Photo: Andrey Metelev/Unsplash

 

By KELIN DILLON

According to new data, Mexico’s state-owned electric company, the Federal Electricity Commission (CFE), has increased its generation costs by 23 percent while in operation under the administration of President Andrés Manuel López Obrador (AMLO).

While the average cost in CFE plants stood at 1,508 pesos per megawatt hour in January 2019, the price tag had shot up to 1,852 pesos per megawatt hour by September 2021, revealed a report from the Energy Regulatory Commission (CRE). 

The CRE’s information likewise revealed that the CFE’s natural gas plants experienced a generation cost hike of 28 percent over the three years of AMLO’s presidency, while thermal power plants, like coal, thermoelectric, internal combustion and turbo gas plants, had an average cost increase of 32 percent.

Mexico’s hydroelectric plants, which theoretically have zero fuel costs, have similarly seen their generation costs go up by 35 percent from January 2019 to September 2021.

While the CFE declined to comment on the changes, analysis by industry experts said the price increase could be partially caused by the still-lingering economic effects of covid-19 and its subsequent supply and demand issues, though several pointed out that the CFE has chosen some of its least efficient plants to turn on for use.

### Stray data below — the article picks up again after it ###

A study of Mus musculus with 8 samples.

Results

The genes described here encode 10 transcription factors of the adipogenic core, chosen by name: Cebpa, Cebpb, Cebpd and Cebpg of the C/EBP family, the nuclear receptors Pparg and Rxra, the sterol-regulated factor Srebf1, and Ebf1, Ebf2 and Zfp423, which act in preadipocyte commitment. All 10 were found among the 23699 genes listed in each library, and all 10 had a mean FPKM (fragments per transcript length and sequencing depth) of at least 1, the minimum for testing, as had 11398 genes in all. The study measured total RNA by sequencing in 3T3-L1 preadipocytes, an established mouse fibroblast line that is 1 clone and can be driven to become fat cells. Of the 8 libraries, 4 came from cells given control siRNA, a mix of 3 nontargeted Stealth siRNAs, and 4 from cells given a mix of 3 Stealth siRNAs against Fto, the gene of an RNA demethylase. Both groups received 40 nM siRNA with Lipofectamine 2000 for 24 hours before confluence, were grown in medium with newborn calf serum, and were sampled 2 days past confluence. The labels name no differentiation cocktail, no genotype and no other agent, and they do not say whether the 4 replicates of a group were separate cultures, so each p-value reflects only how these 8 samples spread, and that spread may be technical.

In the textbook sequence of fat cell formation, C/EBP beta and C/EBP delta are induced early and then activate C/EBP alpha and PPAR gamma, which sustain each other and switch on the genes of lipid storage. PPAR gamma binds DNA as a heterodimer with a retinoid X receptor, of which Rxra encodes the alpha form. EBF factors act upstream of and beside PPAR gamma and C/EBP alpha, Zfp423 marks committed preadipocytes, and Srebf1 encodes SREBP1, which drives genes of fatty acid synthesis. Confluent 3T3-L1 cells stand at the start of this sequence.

Former CRE Commissioner Montserrat Ramiro said the increase in generation costs would either need to be subsidized or they will likely trickle down the line to be paid by the consumer, a trend that has experts concerned considering AMLO’s proposed electricity reform, which would give the CFE majority control of Mexico’s power grid.

That plan has been touted by AMLO as a way to lower the cost of electricity for average consumers.